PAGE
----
Updated: Jul 19, 2023

Classroom procedures form routines that help students meet the expectations stated in the rules. Routines must be taught, practised and reinforced consistently to be effective in the classroom. The ultimate goal of teaching routines is for students to become self-managing, with less and less need for teachers prompting and assistance over time.

As language teachers, we often feel short on time. There is no mandatory requirement on the study time of a language program offered in primary schools in Australia. It usually falls between 30mins and 1 hour, depending on the school. This is simply not enough. While the 100-hour study over one continuous 12-month period is mandatory between Years 7-10, there is inevitably an amount of time lost due to the interruption of school events, like camps, carnivals and other unavoidable co-curricular activities, throughout the year. The clock is ticking. How can we make every second of the lesson count? How can we maximise students learning? How can we train students to be ready and to be active learners?

Let's talk about establishing workable routines for entering and exiting the language classroom. Students need to switch on their language learning mode before entering the language room. We, as language teachers, also need to be prepared and to plan ahead.

Entry Routine

Entering the classroom in a proper, carefully designed and organised way helps to set the tone for the lesson.

There should be a set of guidelines regarding the noise level at which students enter the classroom, where they should move to without having to talk to each other, and what they should be doing once they reach their seat. Teaching and practising these procedures consistently help develop a routine that ensures the learning time is maximised and students are ready for learning from the starting point.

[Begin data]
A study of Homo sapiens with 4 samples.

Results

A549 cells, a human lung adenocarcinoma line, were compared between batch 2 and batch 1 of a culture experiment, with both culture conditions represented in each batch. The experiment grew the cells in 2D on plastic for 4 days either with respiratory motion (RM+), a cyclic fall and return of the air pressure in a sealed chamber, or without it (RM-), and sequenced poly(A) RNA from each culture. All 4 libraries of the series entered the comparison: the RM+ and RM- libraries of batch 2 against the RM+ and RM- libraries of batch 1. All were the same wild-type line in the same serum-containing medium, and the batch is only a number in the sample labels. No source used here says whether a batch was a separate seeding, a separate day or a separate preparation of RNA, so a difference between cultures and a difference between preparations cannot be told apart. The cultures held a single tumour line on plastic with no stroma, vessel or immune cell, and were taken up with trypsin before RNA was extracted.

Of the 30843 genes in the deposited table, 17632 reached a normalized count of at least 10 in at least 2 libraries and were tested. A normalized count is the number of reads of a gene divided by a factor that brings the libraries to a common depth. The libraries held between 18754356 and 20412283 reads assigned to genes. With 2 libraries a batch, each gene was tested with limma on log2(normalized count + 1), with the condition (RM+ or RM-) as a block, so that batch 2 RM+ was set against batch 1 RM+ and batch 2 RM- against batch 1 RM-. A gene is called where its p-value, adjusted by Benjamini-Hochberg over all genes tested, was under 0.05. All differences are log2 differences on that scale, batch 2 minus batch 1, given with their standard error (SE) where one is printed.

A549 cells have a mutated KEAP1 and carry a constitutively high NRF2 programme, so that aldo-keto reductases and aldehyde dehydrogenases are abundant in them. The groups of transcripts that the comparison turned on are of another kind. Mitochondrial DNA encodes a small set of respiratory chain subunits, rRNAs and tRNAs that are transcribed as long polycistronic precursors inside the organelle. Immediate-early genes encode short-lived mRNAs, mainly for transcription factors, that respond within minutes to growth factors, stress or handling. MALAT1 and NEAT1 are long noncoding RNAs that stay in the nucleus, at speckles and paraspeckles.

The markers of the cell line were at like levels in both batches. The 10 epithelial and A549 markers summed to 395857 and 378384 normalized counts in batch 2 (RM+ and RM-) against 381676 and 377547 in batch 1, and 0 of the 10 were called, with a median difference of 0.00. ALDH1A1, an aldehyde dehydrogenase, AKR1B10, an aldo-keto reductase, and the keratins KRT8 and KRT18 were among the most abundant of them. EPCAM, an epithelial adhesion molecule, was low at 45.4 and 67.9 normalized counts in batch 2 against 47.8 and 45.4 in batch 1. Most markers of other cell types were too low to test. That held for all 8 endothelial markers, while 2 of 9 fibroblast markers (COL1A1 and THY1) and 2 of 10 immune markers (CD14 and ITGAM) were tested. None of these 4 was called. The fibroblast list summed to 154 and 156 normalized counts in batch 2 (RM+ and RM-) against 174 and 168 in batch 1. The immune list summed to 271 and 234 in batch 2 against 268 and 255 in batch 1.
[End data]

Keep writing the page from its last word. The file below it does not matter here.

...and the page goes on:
Before introducing a procedure, here are some questions teachers need to consider:

Entry Routine

Exit Routine

As important as the entry routine, having and maintaining a developed exit procedure ensures that students can calmly, effectively, quietly and safely move to their next class. Moreover, unwanted behaviours can be avoided and minimised by explicitly outlining and teaching expectations on how students should exit the room.

Every teacher has their own plan of how they will wrap up a lesson, collect any materials and prepare the room for the next group of students as the lesson comes to an end. Ideally, teachers would have the opportunity to check for understanding and provide feedback before dismissal. Students should have a clear understanding of how they are going to submit any work, how they are expected to return any classroom material, and how they are to pack up and exit the room.

Here are some questions teachers need to consider before introducing an exit procedure:

Exit Routine

In order for any procedures to become routines, they need to be taught explicitly, rehearsed and reinforced consistently until excellence becomes habitual. This should be done by explicit teaching, modelling and ongoing practice, even at the secondary level.

We can't change the length of the lessons we teach, but we can start making every second count by developing and implementing efficient Entry and Exit routines.


Lemov, D. (2015). Teach like a champion 2. 0 : 62 techniques that put students on the path to college. John Wiley & Sons, Incorporated.

(2023, July 15). Retrieved from NESA:

Entry Ticket. (2023, July 15). Retrieved from theteachertoolkit:

AISNSW. (2023, July 15). Classroom Practice 3: Classroom Procedures and Routines.